Trump's tough call

Turkey's ongoing military incursion into Syria began when President Donald Trump ordered the withdrawal of US forces from land in northern Syria held by the Kurdish-led Syrian Democratic Forces (SDF).

The US has long considered the SDF an important ally in the drive to destroy ISIS. Turkey, by contrast, accuses the SDF of support for Kurdish separatists inside Turkey.


President Erdogan says his country's military will push the SDF and its 40,0000 fighters further from the Turkish border and create a "safe zone" inside Syria to house many of the 3.6 million Syrian refugees now living in camps inside Turkey.

Trump's decision to withdraw US troops cleared the way for Turkey's military to attack the SDF.

This story raises a broader question: What's the proper role for the world's only military superpower in today's world? Is Trump right to withdraw these troops? Or is he making a big mistake?

Here's our take on the most compelling arguments for each side.

Against Trump's withdrawal

  • The US president has stabbed a loyal American ally in the back. People who counted on support from Washington are now being killed. Civilian men, women, and children will be among the dead.
  • The US needs allies, and Trump's decision to withdraw protection from the SDF, who have fought alongside Americans to defeat ISIS, sends a clear signal to US allies around the world that Washington can't be trusted. The president may promise one thing today and abandon his pledge tomorrow. The next president may refuse to keep promises that the current president makes.
  • The SDF holds thousands of ISIS members captive. Attacking the group could free these fighters.
  • The US withdrawal will allow ISIS to rebuild and commit new terrorist attacks, possibly on US targets. It will also help Russia and Iran tighten their grip on Syria.
  • In ordering this withdrawal, Trump, the only person ever elected US president without ever having served in government or the military, overruled senior military leaders and officials with deep experience of the Middle East. Strong leaders are willing to be guided by experienced advisors.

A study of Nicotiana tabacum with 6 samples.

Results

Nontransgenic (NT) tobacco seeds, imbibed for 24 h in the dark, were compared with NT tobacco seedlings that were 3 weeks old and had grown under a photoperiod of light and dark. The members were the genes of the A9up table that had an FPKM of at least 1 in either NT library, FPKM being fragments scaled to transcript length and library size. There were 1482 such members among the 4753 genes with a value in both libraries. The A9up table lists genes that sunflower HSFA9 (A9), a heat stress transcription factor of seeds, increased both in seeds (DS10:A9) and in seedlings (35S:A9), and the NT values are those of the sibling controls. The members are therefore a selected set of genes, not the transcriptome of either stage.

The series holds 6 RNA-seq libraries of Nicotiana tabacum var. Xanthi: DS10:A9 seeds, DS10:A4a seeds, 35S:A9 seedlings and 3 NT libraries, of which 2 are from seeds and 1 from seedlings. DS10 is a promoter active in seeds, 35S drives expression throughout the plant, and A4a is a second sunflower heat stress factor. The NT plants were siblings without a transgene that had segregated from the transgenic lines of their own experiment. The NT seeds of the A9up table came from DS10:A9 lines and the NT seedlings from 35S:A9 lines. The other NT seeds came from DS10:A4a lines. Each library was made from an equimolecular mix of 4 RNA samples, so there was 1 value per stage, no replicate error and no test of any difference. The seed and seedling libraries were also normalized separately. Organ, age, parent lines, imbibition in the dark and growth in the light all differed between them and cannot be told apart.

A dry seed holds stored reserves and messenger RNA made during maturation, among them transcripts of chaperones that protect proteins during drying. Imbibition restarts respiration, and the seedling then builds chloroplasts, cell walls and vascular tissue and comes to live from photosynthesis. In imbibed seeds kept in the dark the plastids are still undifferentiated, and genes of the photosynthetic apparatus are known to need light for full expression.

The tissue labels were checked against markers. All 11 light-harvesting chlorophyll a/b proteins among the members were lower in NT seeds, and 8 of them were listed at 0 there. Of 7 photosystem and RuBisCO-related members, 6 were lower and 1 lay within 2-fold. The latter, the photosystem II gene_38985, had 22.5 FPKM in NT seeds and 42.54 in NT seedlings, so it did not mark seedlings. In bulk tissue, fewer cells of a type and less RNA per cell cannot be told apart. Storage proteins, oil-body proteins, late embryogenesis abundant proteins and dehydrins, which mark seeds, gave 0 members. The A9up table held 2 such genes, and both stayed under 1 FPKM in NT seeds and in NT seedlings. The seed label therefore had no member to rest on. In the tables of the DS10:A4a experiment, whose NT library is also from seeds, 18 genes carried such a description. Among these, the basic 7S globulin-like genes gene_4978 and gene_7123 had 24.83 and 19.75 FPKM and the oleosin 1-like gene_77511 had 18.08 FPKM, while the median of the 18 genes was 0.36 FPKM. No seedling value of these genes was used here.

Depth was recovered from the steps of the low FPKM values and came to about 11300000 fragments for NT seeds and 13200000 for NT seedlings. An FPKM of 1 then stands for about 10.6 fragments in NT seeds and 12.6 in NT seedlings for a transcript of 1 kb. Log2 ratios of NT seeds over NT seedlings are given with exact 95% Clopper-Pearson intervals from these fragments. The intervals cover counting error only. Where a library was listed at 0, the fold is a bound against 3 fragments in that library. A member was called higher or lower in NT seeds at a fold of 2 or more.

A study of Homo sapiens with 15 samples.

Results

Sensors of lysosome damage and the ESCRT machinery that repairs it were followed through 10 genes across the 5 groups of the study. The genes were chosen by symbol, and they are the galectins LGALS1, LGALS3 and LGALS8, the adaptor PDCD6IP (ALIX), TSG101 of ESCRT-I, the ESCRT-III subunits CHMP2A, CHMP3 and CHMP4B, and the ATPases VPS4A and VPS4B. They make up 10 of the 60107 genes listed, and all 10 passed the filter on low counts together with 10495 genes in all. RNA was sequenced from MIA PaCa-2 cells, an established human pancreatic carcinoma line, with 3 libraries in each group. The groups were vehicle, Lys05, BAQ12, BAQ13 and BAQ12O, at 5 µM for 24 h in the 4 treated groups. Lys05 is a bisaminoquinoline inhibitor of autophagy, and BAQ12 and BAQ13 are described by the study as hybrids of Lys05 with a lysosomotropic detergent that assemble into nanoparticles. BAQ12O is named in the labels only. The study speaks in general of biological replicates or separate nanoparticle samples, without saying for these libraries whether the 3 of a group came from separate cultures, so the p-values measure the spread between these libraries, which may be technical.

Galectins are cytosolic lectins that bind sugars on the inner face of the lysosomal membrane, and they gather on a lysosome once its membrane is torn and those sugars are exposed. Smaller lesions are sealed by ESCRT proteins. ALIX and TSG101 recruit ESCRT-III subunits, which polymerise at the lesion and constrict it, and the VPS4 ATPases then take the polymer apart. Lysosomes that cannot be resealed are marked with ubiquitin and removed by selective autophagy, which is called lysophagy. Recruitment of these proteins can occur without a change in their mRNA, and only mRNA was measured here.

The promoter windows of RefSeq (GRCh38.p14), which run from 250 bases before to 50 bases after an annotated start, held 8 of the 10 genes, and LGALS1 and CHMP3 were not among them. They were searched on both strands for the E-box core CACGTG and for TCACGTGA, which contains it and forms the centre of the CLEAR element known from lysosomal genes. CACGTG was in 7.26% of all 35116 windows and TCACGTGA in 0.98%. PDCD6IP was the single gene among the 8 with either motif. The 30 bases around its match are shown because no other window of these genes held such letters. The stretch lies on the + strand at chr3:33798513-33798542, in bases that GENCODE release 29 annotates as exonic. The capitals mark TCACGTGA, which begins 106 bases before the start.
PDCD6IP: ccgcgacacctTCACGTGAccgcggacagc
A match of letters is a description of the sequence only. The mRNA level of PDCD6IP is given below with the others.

For Trump's withdrawal

  • The Kurds are not "allies" of the United States. They are dependents. Allies come to your aid just as you come to theirs.
  • Iran and Russia already control Syria, and military occupation of a foreign country won't eliminate the risk of terrorism at home.
  • US soldiers shouldn't be asked to fight over land in the Middle East, occupy its unstable countries, and patrol its streets until the region's powers all become friendly democracies. The American taxpayer shouldn't be asked to pay for endless commitments to the security of others.
  • If now is not the moment for withdrawal, then when? US troops have been in Afghanistan for 18 years.
  • The first obligation of the US president is to the American people. Candidate Trump promised he would free the US from never-ending wars in the Middle East, and he intends to keep that promise.

The bottom-line: Complicated problems don't come with obvious answers. Tell us what you think.


They're probably glad that Biden gives them a half-century track record to study. (He was first elected to local office in 1970 and to the US Senate in 1972.) The six years he spent as ranking member, then chairman, of the Senate Foreign Relations Committee, his term as co-chairman of the Senate's NATO Observer Group, and his eight years as Barack Obama's vice president tell them that he's essentially a "liberal internationalist," a person who believes that America must lead a global advance of democracy and freedom — and that close cooperation with allies is essential for success.